Jashn-e Mehregan - The Autumn Festival of Harvest
Mehregan is one of the two most ancient Iranian festivals known, dating back at least as far as the earliest Aryans (Iranians).
The word "Mehr" (in Mehregan) in the Persian language means kindness. Mehr represents knowledge, love, light and friendship.
In ancient Iran, Zoroastrians divided the year into two equal seasons: summer and winter. Thus the beginning of each season would be celebrated through a big feast, the first one called Nowruz (New Year) and the other Mehregan.
The seventh month in the Persian calendar is named Mehr and is dedicated to the Goddess of Light -- Mithra or Mehr. Her followers believed that she defeated evil and darkness, a scene that is often depicted with a triumphant lion residing over a bull. (Mithra is also a common noun in the Holy Book Avesta meaning contract).
The tenth day of this month (Mehr) in the Zoroastrian religious calendar belongs to this deity.
The coming of autumn was and still is celebrated usually on the 9th or 10th of this month by Zoroastrians throughout the world. Mehregan marks the harvesting season and the coming of winter. This was originally a pre-Zoroastrian and an old Aryan feast.
This month, according to some historians, was probably the first month of the old-Persian year (before Prophet Zoroaster). The feast, too, was probably carried forward from the old-Persian, and it was perhaps the survival of an earlier Iranian New Year festival dating from some prehistoric time of the Aryan calendar, when the year began at the autumnal equinox.
There are many different renditions of how and why Mehregan has come about:
1. Jashn-e-Mehregan is a time when harvesting is completed and people celebrate as a thanksgiving to the Almighty God.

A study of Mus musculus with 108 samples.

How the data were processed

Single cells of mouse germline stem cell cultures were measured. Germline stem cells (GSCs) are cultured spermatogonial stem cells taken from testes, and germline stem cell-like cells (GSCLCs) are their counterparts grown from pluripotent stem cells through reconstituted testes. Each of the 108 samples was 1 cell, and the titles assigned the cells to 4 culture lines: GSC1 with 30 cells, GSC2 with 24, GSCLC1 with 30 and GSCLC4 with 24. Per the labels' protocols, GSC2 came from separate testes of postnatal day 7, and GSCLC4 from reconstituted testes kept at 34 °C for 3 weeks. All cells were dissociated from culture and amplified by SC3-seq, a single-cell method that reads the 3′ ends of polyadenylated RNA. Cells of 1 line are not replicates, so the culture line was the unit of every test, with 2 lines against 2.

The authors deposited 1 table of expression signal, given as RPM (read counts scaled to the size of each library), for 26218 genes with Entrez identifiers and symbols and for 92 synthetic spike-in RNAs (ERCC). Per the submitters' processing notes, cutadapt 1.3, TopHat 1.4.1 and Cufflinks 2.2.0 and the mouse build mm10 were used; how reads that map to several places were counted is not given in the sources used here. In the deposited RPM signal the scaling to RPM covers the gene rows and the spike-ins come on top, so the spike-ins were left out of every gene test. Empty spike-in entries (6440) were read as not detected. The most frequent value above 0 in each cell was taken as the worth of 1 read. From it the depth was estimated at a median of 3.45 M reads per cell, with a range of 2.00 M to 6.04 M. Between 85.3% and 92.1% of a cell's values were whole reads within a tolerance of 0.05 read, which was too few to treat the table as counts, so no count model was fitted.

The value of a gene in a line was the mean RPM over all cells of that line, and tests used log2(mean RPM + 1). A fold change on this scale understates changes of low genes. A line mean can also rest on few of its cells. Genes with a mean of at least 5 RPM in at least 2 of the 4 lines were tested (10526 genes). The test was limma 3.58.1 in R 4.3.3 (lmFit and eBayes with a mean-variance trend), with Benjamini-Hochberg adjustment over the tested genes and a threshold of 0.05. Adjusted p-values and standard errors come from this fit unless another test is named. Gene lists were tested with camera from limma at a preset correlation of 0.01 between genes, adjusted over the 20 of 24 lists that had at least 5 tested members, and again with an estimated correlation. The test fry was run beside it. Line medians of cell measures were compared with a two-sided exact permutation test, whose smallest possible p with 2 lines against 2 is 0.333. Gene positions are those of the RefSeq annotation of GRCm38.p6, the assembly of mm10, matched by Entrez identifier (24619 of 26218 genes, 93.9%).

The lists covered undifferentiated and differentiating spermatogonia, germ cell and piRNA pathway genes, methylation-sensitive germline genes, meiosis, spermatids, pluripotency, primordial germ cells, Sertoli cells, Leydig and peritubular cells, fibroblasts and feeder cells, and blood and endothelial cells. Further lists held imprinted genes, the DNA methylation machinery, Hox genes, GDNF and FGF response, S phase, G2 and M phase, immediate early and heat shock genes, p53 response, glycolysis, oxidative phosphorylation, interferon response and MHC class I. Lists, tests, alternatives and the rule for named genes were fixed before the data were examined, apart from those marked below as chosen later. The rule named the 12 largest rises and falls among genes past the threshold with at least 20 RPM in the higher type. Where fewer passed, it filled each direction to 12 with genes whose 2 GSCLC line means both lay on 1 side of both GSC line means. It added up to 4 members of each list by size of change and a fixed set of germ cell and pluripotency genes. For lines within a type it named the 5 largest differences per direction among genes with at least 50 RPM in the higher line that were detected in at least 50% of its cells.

2. It is a time for love and gratitude for life.
3. Some say Mehregan was a day of victory for Fereydoon and Kaveh, who won over Zahak with the help of angels. They imprisoned him in Mount Damavand where he later died of his wounds. After the capture of Zahak, Fereydoon was nominated as the king and the people celebrate this occasion with "jashn".
4. Others say that the Festival of Mehregan came about when God gave light to the world, which had been dark up to that point, or the Sun was created.
5. Yet others argue that on this day Mashia and Mashyaneh, who are the conceptual Semitic Adam and Eve, were brought into existence.
No matter what the origins, Persians all over celebrate this festival in the fall signifying the season of harvest and thanksgiving. Friendships are renewed and families are visited.
The festival is also a reminder of the cornerstone of the religion of Prophet Zoroaster -- good words, good deeds and good thoughts.
The people of the community, as a tradition, gather to celebrate and welcome the coming of spring and winter. Celebrations end with bonfires and fireworks and rejoicing on this merry occasion.
The Iranian Zoroastrians are celebrating this auspicious occasion on Friday, October 2.
This reminds me of one of the poems from the Iranian Poet Sa'adi who was born in Shiraz in 1184. His year of death is disputed among historians ranging from 1283 to 1291.
Human beings are members of a whole,
In creation of one essence and soul.
If one member is afflicted with pain,
Other members uneasy will remain.
If you have no sympathy for human pain,
The name of human you cannot retain.
The same poem is used to grace the entrance to the Hall of Nations of the United Nations building in New York with this call for breaking all barriers.